Ambrose Bierce's sardonic preface to the 'Devil's Dictionary' of 1911 bemoans the fact that he had not the power to prevent the original 1906 edition from being titled 'The Cynic's Word Book'. The more reverent title was forced upon him by the religious scruples of a newspaper in which a part of the work had appeared. In those days there were so many books and pamphlets titled The Cynic's...this, that and the other, that the very word cynic was in bad repute. 'The Cynic's Word Book' joined the list. The change of title in 1911 possibly saved it from obscurity.
As well as word definitions 'The Devil's Dictionary' contains much humorous verse including the following -
A critic who all day had railed
Against a poem which had failed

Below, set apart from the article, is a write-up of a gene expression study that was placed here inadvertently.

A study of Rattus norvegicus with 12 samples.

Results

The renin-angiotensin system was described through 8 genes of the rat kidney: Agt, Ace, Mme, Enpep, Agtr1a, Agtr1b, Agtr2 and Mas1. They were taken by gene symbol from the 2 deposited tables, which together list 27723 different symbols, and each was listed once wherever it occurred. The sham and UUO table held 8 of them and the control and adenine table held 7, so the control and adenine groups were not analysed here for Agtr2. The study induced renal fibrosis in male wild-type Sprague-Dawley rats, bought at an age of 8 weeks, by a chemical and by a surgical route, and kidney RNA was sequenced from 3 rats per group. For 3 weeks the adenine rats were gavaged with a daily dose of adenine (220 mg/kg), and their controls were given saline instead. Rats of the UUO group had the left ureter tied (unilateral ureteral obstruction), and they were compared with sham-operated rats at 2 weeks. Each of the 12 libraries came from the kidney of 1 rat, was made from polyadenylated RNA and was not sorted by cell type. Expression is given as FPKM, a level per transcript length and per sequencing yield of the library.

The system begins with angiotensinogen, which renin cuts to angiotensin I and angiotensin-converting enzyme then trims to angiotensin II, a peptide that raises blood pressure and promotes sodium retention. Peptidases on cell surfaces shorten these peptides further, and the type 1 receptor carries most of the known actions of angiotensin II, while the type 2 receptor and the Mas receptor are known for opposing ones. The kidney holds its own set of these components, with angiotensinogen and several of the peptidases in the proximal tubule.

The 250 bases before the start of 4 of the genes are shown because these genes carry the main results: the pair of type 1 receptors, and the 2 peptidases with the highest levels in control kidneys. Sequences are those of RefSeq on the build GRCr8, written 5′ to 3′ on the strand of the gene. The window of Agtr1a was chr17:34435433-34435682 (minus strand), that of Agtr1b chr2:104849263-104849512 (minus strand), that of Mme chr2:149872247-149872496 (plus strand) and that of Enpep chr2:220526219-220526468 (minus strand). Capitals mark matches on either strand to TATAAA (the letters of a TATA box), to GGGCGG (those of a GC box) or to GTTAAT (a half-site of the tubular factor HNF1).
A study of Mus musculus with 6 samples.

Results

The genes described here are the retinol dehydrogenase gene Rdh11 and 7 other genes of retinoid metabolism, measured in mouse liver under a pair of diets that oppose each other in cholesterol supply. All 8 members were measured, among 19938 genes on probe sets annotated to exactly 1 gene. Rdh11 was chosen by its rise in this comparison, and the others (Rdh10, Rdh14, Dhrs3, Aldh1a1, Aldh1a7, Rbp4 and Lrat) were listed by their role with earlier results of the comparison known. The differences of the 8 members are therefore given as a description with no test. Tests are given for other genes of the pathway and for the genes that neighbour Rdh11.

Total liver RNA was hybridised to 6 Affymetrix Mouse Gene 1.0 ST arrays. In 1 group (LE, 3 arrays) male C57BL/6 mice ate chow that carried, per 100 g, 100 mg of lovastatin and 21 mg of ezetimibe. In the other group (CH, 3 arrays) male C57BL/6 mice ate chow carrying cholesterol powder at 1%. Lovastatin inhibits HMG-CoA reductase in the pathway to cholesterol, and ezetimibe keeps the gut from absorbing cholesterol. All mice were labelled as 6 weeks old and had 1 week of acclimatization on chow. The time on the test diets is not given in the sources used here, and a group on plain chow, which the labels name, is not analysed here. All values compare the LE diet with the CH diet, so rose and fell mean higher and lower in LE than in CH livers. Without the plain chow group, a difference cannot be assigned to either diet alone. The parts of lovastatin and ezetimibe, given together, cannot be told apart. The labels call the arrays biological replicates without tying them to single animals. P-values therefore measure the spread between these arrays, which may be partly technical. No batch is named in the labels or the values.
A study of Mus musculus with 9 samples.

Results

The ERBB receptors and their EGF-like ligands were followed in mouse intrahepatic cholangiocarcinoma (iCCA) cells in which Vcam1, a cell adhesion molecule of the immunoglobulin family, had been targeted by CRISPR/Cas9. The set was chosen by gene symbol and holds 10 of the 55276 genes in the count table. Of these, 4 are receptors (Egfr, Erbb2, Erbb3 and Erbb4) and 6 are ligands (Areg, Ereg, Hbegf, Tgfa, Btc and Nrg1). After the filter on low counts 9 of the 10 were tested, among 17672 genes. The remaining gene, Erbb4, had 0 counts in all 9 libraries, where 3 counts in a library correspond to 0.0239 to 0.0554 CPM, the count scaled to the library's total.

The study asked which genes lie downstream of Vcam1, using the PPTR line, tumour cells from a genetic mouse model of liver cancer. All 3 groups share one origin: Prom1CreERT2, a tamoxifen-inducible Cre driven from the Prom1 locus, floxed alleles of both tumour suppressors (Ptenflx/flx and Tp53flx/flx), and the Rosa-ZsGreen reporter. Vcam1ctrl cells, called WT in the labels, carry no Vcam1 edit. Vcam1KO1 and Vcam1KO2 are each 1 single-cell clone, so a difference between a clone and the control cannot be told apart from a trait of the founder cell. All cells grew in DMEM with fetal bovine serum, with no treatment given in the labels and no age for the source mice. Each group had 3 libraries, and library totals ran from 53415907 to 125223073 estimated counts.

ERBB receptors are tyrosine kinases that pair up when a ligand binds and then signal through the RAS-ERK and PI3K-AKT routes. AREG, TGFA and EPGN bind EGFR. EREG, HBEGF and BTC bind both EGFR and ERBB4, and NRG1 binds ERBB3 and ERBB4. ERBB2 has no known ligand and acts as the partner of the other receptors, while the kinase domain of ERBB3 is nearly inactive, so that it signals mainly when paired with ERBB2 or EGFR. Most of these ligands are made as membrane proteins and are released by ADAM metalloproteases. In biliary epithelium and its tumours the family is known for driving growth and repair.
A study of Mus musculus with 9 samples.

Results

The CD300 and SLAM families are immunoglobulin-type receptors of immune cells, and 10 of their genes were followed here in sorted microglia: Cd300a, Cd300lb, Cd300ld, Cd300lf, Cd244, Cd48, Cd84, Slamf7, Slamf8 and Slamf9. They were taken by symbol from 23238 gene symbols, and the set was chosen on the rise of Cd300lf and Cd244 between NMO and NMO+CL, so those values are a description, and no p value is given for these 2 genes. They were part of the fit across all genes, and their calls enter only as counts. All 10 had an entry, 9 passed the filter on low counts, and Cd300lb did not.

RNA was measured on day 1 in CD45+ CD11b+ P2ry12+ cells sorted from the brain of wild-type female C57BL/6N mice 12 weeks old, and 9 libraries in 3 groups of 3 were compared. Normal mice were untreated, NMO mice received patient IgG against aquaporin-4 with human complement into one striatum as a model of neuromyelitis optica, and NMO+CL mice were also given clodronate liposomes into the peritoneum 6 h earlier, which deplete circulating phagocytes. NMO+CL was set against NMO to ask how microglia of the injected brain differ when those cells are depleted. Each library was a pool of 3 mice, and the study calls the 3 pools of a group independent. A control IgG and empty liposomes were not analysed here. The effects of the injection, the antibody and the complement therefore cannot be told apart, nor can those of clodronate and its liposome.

To please him, as the sun went down
Stopped cursing and forgot to frown.
A goose, which, sitting near, had heard
In silence each censorious word,
Now solemnly exclaimed: 'My friend
I've heard you calmly to the end,
Unwilling to disturb you, though
I smarted at each bitter blow.'
'Pray what have my remarks to do'
The critic cried, 'with such as you?'
'With me, indeed! That serves to show
How little critics care to know
About the object of their curses;
I grew the pen which wrote the verses!'
The clergyman to Tom, one day,
Said: 'Work is worthy of its pay;
You to your body did attend,
But I your soul did ever mend.'
Said Tom: 'I recognize the debt,
And pay it thus.' A coin he set
Before the parson's eyes awhile,
Then pocketed it with a smile,
Remarking: 'Since the thing you mend
Is unsubstantial, pious friend,
It clearly seems the fitting way
In unsubstantial coin to pay:'
Ambrose Bierce (1842-1913?)*
*In 1913 Bierce set off for the Mexican Revolution and was never seen again.
His life was a tissue of facts embroidered with legend.